Summary: In this Psalm I examine the Psalm writer’s attitude to the future as he faces old age and how he deals with his enemies. This is during Advent and has a little reflective flavor of the season in it.
December 11, 2005 Psalm 71
What do you think about your future? Maybe you’re one of those people who’s done an overall road map of your life. Maybe in ten years you want to retire, or have your house paid off, or have enough money saved up to buy a car, or get married and have children. I’ve got news for you - especially you younger folk. It’s not gonna happen the way you planned. It almost never does. Ask any older person, and they’ll tell you the same. It doesn’t mean you can’t dream or plan. But don’t expect it to go the way you plan, because it usually doesn’t.
So how do we respond? The more we live with these disappointment and the more we experience what we consider “real life”, the more pessimistic we become. It isn’t uncommon to see elderly people especially become angry and grumpy as they realize that their lives are nearing the end and they haven’t gotten to do half of what they wanted to. Along with that, they have to face the scorn and disrespect of people three times younger than they, just because they don’t move as fast or think as quickly on their feet as they used to. They come to realize they’re on their way down, and there isn’t anything they can do about it.
Psalm 71 seems to be written by someone who is well beyond the years of his youth and is facing those older years. He talks to God about when he is “old and grey.” Old age is setting in on him. For those of you who can’t remember where you put your glasses, who can’t roll over in bed without a huge strain, who can’t sit down in a rocking chair without falling asleep, this Psalm is for you. It’s most likely written by David in the later years of his life. He’s facing danger and disaster. He’s getting old. Yet, instead of going through a mid-life crisis or writing a pessimistic and disheartened letter to the Lord because of his disappointments, he expresses and ongoing hope and optimism. What is it that gives David hope in old age? We’ll look at that as we hear -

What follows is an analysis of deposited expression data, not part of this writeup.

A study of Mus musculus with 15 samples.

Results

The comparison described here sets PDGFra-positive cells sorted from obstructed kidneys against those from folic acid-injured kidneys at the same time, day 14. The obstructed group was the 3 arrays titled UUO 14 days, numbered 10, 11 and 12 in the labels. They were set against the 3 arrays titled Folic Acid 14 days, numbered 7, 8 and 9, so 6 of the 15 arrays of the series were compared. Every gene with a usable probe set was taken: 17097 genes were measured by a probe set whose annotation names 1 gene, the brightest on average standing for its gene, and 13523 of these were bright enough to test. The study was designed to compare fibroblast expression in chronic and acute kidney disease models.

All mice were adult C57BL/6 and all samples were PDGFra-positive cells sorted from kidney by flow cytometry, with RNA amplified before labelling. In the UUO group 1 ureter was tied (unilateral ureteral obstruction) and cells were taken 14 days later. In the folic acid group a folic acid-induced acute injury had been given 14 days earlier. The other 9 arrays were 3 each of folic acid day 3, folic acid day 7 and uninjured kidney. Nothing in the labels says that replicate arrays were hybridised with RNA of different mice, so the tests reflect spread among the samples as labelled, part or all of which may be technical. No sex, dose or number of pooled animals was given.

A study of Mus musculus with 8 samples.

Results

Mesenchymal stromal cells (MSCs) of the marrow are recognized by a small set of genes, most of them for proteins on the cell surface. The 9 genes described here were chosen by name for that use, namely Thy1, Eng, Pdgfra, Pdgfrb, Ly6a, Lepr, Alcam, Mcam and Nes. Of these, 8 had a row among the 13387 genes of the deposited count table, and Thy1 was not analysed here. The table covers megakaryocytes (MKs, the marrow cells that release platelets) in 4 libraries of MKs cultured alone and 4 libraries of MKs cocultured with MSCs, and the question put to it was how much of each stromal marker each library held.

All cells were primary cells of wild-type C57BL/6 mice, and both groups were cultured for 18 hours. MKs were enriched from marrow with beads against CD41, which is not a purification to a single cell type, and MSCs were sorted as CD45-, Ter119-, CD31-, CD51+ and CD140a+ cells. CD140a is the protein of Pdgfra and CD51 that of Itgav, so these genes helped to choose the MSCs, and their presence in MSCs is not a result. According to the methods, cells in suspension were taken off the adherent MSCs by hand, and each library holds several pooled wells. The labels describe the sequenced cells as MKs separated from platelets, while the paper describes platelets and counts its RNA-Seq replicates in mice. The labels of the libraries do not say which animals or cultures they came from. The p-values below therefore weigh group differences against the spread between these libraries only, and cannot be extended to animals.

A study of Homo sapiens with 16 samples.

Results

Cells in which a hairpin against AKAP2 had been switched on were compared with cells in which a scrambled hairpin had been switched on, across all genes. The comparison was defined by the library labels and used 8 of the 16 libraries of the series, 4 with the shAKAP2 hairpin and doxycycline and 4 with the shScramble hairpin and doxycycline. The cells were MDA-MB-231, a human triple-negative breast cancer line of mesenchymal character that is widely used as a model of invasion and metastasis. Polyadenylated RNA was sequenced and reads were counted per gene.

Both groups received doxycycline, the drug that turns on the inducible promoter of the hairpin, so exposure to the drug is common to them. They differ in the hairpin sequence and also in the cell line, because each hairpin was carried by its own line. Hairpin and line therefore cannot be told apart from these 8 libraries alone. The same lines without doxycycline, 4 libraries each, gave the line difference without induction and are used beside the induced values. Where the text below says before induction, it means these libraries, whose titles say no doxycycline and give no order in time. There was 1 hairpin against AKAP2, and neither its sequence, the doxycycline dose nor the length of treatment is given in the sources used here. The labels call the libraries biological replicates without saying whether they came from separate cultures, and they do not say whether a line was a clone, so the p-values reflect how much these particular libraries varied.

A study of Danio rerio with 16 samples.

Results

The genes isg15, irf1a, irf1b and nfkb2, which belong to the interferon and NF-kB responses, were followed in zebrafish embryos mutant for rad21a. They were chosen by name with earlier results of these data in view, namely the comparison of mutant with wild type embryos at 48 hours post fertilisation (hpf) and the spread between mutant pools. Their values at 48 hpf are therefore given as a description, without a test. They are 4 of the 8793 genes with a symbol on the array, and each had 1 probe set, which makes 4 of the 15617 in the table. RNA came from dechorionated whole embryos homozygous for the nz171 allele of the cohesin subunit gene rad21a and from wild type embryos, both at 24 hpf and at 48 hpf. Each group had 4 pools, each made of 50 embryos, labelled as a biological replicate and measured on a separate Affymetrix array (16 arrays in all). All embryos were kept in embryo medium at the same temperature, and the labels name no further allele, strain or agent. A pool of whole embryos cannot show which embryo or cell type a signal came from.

A Middle Aged Reason for Hope
I. Pray with hope as you face the older years
Little Orphan Annie once sang, “it’s a hard knock life.” She was abandoned to an orphanage and had to scrap for her food throughout her childhood. Yet she was only about seven or eight years old, so in reality, who was she to sing? She didn’t know the half of it. David did. If anyone could have sang this song, he could have. The story of David is really quite fascinating when you read about it. It certainly won’t put you to sleep. He grew up as a shepherd boy - having to fend off bears and lions from a bunch of sheep in his younger teenage years. He wasn’t out chasing women and playing basketball. He was spending cold nights out on his own and risking his life to take care of a bunch of sheep.
Things got better for him when he went and fought a huge Philistine enemy soldier named Goliath and toppled him with the throw of one stone. He went on to become a great warrior and fighter for King Saul’s army. Nathan even anointed him to be the next king of Israel. Yet just when you would think he was in the prime of his life, in the midst of all this success David went through all kinds of hard knocks. The Israelites made a song up about David, that he killed tens of thousands, while Saul only killed thousands. That really irritated king Saul, so much to the point that he constantly was trying to kill David. Even though David had been anointed to be the next king and he was loyal to Saul, he had to spend a majority of his early years of “kingship” on the run from King Saul.
Not too long after Saul died David ended up with a reunited kingdom of Israel. Things were again going great. It was then that he committed a terrible sin - by committing adultery with Bathsheba and having her husband Uriah murdered. Nathan said to David, 2 Samuel 12:10 Now, therefore, the sword will never depart from your house, because you despised me and took the wife of Uriah the Hittite to be your own.’ The sword didn’t depart from his house. Soon afterward his infant son died. One of his daughters was raped by her half brother - David’s son - Amnon. This enraged David’s son Absalom, who had Amnon put to death. Then Absalom was banished for the kingdom for quite some time. When Absalom was finally allowed back, he ended up trying to usurp David’s kingdom. Absalom was really a handsome kid and David loved him dearly. But when he was riding through the forest hunting after his father David, his hair got stuck in a tree, so David’s general stabbed Absalom to death while he was hanging there from the tree. It broke David’s heart. This is just a microcosm of the problems that David faced in his life. Rape, murder, high treason - it was an all in the family affair for King David. Little orphan Annie doesn’t hold a candle to his life. If this Psalm is indeed written by David he wrote, “you have made me see troubles, many and bitter.”